Ancient Roman FAQs

Apollo Meyer

Writing

Closest equivalent to use of paper was the papyrus. In order to write on the papyrus, the romans used a quill dipped in ink to use as a pencil.

Family

The Roman family was a lot different in the way modern families work today. The Romans had slaves, which they could kill if they wanted. The father could let a new-born die or let it live if he wanted it or not. The father was in charge and in full control at all times. If the father was killed, then the person that was the oldest would be in charge.


The way Romans raised there children were different also. The father made the decision whether or not to raise the baby. At some points if the father did not want the baby, it was rejected and exposed to the elements to die. In other cases some families all together refused to raise their children.


The names of roman men and women are very different from today also. All men had at least two names. Womens names were very simple, they only had a first name from the gem.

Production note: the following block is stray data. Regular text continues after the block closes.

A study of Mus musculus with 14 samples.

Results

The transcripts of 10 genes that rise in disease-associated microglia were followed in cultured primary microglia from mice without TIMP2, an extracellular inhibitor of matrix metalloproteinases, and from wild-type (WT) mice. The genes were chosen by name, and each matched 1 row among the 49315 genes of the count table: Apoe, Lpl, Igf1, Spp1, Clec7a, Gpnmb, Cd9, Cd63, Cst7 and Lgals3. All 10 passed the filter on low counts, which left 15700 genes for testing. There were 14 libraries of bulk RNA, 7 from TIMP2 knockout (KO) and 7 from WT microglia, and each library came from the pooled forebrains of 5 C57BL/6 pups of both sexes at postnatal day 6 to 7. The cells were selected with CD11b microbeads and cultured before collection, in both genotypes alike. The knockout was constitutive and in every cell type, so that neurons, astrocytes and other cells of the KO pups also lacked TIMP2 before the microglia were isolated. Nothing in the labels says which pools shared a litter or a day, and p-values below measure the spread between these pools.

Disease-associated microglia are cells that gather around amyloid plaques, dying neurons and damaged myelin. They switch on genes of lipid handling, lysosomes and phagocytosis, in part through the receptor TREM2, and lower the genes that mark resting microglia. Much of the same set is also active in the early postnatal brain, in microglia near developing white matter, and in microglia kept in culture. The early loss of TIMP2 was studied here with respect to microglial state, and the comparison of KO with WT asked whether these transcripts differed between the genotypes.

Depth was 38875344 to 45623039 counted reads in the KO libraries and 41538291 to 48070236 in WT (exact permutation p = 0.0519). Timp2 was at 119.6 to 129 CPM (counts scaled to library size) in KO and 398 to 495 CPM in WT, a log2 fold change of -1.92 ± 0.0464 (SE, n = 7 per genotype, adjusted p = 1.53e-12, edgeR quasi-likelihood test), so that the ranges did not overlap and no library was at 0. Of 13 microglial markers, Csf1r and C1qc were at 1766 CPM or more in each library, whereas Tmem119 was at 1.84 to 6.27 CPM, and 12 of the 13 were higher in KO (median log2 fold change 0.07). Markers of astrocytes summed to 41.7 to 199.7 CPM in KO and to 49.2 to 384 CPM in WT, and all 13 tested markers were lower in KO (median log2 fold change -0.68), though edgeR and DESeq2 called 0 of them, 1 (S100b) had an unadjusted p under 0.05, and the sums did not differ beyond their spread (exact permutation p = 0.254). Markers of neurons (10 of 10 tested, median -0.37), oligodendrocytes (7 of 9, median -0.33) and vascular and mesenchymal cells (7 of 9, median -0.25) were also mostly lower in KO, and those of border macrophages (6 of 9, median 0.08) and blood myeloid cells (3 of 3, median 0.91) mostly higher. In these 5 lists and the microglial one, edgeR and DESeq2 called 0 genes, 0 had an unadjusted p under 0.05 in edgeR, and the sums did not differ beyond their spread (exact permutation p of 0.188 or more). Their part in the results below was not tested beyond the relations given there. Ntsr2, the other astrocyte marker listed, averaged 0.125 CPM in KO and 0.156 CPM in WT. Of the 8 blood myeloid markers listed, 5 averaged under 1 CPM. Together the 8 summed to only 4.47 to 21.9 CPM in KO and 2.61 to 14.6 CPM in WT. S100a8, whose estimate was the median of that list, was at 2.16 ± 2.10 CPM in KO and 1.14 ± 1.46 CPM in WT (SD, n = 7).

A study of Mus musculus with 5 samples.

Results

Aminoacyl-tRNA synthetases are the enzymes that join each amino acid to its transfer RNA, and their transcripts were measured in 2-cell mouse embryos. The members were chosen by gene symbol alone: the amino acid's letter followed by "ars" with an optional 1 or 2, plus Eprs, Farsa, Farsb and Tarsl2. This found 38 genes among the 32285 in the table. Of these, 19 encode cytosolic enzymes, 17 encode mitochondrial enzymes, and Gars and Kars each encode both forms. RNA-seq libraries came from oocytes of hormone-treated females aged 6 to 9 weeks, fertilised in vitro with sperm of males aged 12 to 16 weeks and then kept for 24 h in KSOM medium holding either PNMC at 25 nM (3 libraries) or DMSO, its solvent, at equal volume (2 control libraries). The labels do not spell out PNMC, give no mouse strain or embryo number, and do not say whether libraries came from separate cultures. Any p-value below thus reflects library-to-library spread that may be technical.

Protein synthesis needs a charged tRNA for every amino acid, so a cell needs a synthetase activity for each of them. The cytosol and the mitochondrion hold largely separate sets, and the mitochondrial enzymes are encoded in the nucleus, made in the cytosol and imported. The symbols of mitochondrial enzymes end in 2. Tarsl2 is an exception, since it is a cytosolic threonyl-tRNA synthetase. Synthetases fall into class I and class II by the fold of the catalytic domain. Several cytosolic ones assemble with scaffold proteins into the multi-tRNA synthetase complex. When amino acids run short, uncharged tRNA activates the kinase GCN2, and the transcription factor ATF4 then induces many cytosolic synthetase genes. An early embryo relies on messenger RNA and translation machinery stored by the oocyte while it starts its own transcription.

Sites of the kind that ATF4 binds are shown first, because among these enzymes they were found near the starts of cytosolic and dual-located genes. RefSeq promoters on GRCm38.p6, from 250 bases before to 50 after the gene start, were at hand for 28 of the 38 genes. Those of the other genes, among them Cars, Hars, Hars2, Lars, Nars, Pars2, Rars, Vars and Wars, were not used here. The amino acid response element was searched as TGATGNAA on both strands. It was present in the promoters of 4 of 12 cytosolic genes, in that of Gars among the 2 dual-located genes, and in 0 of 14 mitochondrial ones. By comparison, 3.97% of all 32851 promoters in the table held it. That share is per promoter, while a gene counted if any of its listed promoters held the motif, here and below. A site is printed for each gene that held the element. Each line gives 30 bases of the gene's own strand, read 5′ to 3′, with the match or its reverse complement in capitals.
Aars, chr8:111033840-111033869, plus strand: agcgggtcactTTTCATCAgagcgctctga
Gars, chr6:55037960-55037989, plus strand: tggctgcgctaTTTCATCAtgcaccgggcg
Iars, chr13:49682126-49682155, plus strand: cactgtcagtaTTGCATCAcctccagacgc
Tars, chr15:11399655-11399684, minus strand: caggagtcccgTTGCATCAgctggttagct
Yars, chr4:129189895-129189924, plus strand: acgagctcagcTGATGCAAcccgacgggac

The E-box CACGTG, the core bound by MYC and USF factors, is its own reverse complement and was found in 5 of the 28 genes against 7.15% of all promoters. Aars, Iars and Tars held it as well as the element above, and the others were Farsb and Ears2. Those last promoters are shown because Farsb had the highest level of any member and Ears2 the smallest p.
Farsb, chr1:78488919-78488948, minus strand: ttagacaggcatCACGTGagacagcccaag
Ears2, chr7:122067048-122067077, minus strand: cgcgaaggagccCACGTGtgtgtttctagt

Men's and Boy's Clothing

In Roman society men wore a loose robe or cloak called a himation, alone or over a chiton. Younger men, especially horsemen and travelers, wore a shorter cloak called a chlamys, which was pinned on one shoulder. Roman boys wore a bulla, a neckchain and round pouch containing protective amulets(usually phallic symbols), and the bulla of an upper-class boy would be made of gold.

Women's and Girl's Clothing

In Roman freeborn girls, that is, girls whose parents were not slaves, wore the same costume as free born boys; a toga worn over a tunic. A married women wore a stola, a dress held to the shoulders by straps, It hung to the feet and resembled a modern slip. Disgraced women wore a plain white toga.

Citations

"Writing and Language." World Eras. Ed. John T. Kirby. Vol. 3: Roman Republic and Empire, 264 B.C.E.- 476 C.E. Detroit: Gale, 2001. 170-172. World History in Context. Web. 6 Oct. 2015.

Family." The Greenhaven Encyclopedia of Ancient Rome. Don Nardo. San Diego: Greenhaven Press, 2002. 153-155. World History in Context. Web. 6 Oct. 2015

"Children." World Eras. Ed. John T. Kirby. Vol. 3: Roman Republic and Empire, 264 B.C.E.- 476 C.E. Detroit: Gale, 2001. 304-305. World History in Context. Web. 6 Oct. 2015.

"Clothing." Ancient Greece and Rome: An Encyclopedia for Students. Ed. Carroll Moulton. Vol. 1. New York: Charles Scribner's Sons, 1998. 148-153. World History in Context. Web. 8 Oct. 2015.